Sometime in 1979 I began to recognize some of the differences between country folks and everyone else. I was headed to my Grandmother’s home for a weekend away from College. I brought along a friend. I’ll call her Kate. She was kind and smart and very much a Southern girl. I had warned her we were headed to rural Alabama, to the country. She smiled and said, “You know I’m from a small town,” as if to reassure me. She thought being from a small town meant she was country.
Now don’t misunderstand. Small towns in the South are great places. Most of them have had a Jack’s Hamburgers or a Dairy Queen or something called a Frosty or Tastee-Freez. In the late 1970’s some small towns in the South have even had a McDonald’s. But there’s always a place where old men gather to drink coffee and share the day’s latest “news.” No one calls it gossip. But everyone knows what it is. Especially when so much of the conversation is punctuated with “bless his heart.” As in, “Y’all know that Owens feller thinks he can write a story. He’s not real smart, bless his heart.”
Small towns have a courthouse, a First Baptist Church, and a high school football team that drives everyone’s plans for Friday nights from September to December. Where Kate and me were headed had none of these things. As we drove down the Old Hull Road, a kidney rattling drive resulting from the daily passage of countless coal trucks, past ramshackle houses with sofas on the front porch, tin roofs, and dogs of indeterminate breed, I saw Kate begin to question her decision to make this journey. “Don’t worry,” I said. “My grandmother lives in a late model ‘double wide’ and she doesn’t have a sofa on the porch. Heck, she doesn’t have a porch.” Kate gave a soft sigh of relief until she realized I’d used the term “double wide.” She was relieved when we drove up the gravel driveway to a three-bedroom home with indoor plumbing, air conditioning and no dogs.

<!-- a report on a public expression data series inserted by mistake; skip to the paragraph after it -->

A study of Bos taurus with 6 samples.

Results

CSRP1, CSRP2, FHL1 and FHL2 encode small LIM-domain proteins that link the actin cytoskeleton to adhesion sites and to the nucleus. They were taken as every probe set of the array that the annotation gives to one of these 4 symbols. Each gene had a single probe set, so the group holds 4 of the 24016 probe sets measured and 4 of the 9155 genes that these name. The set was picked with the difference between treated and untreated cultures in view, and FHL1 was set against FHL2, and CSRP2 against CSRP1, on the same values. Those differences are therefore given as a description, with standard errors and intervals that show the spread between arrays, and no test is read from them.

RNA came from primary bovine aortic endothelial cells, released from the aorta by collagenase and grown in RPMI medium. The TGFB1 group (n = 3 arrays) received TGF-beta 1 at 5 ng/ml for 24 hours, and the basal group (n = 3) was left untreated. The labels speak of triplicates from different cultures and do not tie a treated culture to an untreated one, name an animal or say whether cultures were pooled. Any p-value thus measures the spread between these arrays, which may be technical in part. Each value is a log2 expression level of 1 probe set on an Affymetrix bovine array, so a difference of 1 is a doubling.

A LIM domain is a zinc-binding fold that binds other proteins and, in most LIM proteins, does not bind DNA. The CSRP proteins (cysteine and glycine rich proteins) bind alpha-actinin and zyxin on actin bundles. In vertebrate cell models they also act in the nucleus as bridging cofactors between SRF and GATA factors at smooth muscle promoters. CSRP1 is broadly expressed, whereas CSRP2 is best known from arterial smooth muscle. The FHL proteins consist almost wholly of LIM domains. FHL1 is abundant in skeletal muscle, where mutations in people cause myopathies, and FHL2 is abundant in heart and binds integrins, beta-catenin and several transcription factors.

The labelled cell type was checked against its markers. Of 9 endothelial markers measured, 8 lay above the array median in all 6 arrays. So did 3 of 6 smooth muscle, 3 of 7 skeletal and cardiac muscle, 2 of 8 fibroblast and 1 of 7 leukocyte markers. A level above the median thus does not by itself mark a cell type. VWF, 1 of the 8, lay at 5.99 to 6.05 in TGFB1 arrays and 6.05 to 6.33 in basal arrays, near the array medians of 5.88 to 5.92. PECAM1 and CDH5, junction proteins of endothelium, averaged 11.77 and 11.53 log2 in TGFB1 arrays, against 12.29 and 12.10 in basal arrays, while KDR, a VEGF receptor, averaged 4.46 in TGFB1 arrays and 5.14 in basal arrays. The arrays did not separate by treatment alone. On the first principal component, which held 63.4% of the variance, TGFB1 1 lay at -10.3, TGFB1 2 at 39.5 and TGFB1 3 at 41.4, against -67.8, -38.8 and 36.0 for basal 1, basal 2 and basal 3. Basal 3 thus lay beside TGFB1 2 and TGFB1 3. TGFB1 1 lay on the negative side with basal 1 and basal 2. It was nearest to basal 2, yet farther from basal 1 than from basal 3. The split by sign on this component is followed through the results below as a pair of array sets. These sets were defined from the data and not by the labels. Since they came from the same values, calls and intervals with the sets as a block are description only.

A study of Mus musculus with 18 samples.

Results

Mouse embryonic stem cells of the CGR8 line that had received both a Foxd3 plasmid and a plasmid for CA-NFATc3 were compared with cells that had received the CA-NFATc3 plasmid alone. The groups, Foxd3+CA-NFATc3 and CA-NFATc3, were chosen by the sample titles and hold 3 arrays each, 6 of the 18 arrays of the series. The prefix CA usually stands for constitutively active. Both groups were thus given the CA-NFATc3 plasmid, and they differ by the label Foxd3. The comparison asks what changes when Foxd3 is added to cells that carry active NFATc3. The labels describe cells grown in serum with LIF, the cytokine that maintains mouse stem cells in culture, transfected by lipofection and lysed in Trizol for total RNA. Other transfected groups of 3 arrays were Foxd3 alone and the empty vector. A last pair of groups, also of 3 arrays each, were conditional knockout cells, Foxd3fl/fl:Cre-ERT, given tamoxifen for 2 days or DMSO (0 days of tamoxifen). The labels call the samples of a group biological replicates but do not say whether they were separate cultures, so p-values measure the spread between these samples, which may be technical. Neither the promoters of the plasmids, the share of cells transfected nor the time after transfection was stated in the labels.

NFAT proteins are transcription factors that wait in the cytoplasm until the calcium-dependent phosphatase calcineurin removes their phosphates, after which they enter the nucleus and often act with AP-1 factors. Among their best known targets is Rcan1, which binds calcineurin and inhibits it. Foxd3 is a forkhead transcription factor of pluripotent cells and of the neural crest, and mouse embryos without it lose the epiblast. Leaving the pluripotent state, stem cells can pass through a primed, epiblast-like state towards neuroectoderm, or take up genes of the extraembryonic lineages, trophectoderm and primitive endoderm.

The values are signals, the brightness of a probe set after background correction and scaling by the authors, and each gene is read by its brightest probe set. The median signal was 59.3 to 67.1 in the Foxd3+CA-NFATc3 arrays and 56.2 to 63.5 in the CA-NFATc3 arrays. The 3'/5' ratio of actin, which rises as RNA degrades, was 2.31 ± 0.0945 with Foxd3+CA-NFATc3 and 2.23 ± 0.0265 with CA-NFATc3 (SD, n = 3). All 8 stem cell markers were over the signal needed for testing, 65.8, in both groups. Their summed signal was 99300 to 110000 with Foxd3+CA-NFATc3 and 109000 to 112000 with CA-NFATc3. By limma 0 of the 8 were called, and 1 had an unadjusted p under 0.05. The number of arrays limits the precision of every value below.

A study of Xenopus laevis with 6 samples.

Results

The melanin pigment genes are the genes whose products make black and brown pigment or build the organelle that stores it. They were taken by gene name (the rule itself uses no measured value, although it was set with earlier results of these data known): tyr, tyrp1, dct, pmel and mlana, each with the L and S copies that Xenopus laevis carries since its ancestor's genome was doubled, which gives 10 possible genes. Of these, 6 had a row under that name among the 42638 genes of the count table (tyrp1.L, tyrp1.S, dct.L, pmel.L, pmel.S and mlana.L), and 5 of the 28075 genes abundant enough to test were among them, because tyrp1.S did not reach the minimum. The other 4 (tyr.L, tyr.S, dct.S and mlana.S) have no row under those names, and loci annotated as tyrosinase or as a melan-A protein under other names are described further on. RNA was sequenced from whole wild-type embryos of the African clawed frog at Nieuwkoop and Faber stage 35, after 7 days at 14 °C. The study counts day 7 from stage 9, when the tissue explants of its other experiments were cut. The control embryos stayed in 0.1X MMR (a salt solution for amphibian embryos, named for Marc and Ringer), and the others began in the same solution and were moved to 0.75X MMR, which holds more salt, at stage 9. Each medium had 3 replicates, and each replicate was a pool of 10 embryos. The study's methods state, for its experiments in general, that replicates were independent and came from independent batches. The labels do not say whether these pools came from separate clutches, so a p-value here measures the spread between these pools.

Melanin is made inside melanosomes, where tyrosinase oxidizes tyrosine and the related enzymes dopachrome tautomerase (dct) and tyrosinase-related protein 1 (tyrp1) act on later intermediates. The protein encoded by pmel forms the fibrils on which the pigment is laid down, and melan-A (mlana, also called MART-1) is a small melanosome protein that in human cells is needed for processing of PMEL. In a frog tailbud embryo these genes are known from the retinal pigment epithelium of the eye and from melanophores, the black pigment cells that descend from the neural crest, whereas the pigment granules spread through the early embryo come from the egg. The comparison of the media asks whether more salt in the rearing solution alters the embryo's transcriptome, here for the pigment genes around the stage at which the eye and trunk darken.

Kate was from a small town. But her Grandmother didn’t “put up” her own strawberry preserves. Her cousins didn’t cut the grass on the family’s cemetery plot, or dig their own worms to go fishing in a pond. They didn’t pick the tomatoes, onions or peppers from the garden immediately before supper. They didn’t start a bird hunt by loading the dogs into the trunk of an old Chevrolet. I’m pretty sure Kate had never skinned a catfish. Nor had she seen dogs come out from under a house to greet guests. I know she’d never gone snipe hunting or walked deep into a holler before sunrise to squirrel hunt. Kate was from a small town. But she wasn’t country.
My grandmother, both of them actually, were the best of the regal simplicity of Southern country. Kind. Forgiving. Generous. When Kate and me arrived, she met us at the doorway, pushing open the screen door. “Hey, Son,” she said as she gave me a gentle hug. She smiled and met Kate with “Y’all come on in. Are ya hungry?” This is, of course, the obligatory greeting when family and friends arrive at one’s home here. At Grandmother’s house, I was always hungry.
You can be Country by birth or by experience. Me? I guess I’m a bit of both. My Dad plowed fields behind a mule. His Dad lost several fingers when an ill-tempered mule team decided they’d prefer not to be hitched at that particular moment. I was born in the Deep South and country is in my genes. I’m country by experience. I’ve been snipe hunting though I’ve never caught one. I’ve never really lived in the country. But because of countless summers, Thanksgivings, and Christmas vacations there, it lives in me. It always will.